McAuliffe, Regional Leaders Disagree on Bridges, Metro

McAuliffe, Regional Leaders Disagree on Bridges, Metro

Virginia Gov. Terry McAuliffe and Maryland Gov. Larry Hogan are still far apart in ideas for bridges across the Potomac.

At the Capital Region Business Forum on Oct. 12, McAuliffe said there is no more expansion Northern Virginia can do. Since Maryland owns the Potomac, that a bridge crossing was their responsibility.

“If I was governor of Maryland I’d build that bridge tomorrow,” McAuliffe said.

Hogan said that Maryland was investing in the Nice Bridge in the southern part of the state, and didn’t have a funding mechanism for a new bridge across the northern part of the river. He said he would support Virginia’s initiative to build one, something McAuliffe was reluctant to engage.

The forum in Washington D.C. brought together McAuliffe, Hogan and D.C. Mayor Muriel Bowser for their first joint public appearance. Bowser didn’t comment on a proposed new bridge, but said funding was needed for the Arlington Memorial Bridge that crosses Virginia into the District, as it was “about to fall into the Potomac.”

In a wide-ranging forum, the trio also discussed Metro. Bowser said she supported a potential half-cent sales tax increase to fund Metro. Neither governor would commit to any increased funding, both reiterating the need for a greater commitment to safety before allocating any more money to the transit system.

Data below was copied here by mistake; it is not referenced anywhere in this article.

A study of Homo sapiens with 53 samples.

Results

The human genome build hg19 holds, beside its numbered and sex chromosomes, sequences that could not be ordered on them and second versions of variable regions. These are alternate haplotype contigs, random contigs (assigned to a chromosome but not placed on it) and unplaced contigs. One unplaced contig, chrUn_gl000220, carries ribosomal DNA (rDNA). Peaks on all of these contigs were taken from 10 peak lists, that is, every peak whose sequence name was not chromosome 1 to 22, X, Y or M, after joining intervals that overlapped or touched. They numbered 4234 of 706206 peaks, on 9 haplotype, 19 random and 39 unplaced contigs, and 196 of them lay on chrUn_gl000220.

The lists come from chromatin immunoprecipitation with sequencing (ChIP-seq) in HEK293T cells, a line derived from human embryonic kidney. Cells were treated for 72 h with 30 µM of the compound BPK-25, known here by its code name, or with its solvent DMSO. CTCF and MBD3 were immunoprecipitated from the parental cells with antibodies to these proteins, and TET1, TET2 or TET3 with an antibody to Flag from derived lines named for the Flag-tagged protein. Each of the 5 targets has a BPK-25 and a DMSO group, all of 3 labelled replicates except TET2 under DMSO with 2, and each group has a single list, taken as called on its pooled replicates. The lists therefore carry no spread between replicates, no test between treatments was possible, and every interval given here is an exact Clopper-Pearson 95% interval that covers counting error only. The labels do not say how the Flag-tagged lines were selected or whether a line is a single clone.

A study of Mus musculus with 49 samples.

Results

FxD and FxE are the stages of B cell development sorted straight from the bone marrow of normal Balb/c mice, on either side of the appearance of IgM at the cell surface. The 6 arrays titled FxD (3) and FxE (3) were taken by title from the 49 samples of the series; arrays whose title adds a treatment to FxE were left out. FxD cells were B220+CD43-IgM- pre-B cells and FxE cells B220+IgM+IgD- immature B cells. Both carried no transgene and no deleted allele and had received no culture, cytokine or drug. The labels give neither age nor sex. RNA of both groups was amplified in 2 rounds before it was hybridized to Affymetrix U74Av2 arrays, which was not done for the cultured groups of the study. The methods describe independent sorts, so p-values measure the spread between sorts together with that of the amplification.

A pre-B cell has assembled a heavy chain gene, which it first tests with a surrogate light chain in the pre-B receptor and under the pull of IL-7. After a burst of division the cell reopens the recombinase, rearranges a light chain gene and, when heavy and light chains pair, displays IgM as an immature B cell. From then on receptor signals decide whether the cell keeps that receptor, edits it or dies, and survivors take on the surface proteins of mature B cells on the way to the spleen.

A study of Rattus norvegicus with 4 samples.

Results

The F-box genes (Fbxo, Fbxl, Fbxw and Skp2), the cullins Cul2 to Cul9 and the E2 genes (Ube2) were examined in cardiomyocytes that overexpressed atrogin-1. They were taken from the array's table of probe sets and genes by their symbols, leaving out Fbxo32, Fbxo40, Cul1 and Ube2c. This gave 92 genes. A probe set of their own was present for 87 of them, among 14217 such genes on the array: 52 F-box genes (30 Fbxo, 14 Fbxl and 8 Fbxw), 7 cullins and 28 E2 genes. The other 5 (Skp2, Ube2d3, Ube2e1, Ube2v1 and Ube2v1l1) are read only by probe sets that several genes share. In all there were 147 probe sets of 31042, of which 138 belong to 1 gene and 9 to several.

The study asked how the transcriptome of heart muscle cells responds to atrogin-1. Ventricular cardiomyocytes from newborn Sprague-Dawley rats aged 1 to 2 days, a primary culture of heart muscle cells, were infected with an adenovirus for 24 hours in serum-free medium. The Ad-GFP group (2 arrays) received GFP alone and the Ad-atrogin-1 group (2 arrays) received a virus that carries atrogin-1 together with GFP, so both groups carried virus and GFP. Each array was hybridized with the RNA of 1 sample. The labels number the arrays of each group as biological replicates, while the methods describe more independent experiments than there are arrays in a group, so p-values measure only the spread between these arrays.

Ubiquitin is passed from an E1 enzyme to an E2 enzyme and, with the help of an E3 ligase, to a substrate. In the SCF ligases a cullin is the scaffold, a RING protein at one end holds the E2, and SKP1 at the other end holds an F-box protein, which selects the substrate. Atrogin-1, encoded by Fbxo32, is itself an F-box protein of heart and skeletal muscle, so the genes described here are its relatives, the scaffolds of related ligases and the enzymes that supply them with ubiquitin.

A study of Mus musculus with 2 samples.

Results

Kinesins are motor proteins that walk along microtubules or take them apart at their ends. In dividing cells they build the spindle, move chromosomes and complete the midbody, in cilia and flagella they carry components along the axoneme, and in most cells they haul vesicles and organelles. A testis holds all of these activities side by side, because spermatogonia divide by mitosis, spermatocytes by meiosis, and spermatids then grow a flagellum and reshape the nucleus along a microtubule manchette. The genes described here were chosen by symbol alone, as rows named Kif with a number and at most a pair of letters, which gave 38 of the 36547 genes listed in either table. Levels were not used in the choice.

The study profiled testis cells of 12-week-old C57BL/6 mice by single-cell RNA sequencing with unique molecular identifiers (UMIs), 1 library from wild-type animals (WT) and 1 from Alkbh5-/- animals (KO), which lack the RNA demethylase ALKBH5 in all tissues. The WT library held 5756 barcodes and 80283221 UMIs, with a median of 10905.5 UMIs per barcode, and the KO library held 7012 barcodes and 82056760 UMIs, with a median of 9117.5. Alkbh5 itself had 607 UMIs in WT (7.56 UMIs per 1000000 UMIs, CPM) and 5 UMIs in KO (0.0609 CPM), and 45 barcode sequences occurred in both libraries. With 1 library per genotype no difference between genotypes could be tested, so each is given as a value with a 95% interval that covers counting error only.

McAuliffe did laud the work of new Metro CEO Paul Wiedefeld and stressed Metro’s importance to the state. He said about 300,000 Virginian’s use the system every day.

McAuliffe also used the event to again warn of the dangers of sequestration. He said the automatic spending cuts from a potential sequestration in 2017 would be five times more devastating to Virginia than previous sequestration in 2011 through 2013.

“It’s a gigantic hurricane coming at us,” McAuliffe said.

He retired that point when asked by forum moderator and George Washington University president Steven Knapp what advice he would give to the next president. McAuliffe, a, long-time advisor to Democratic presidential nominee Hillary Clinton, she would need to work with congress to get a budget done within her first 100 days in office to avoid sequestration cuts.

“I would say to Hillary… the sequestration trigger will have the most devastating impact in D.C., Maryland and Virginia.” McAuliffe said.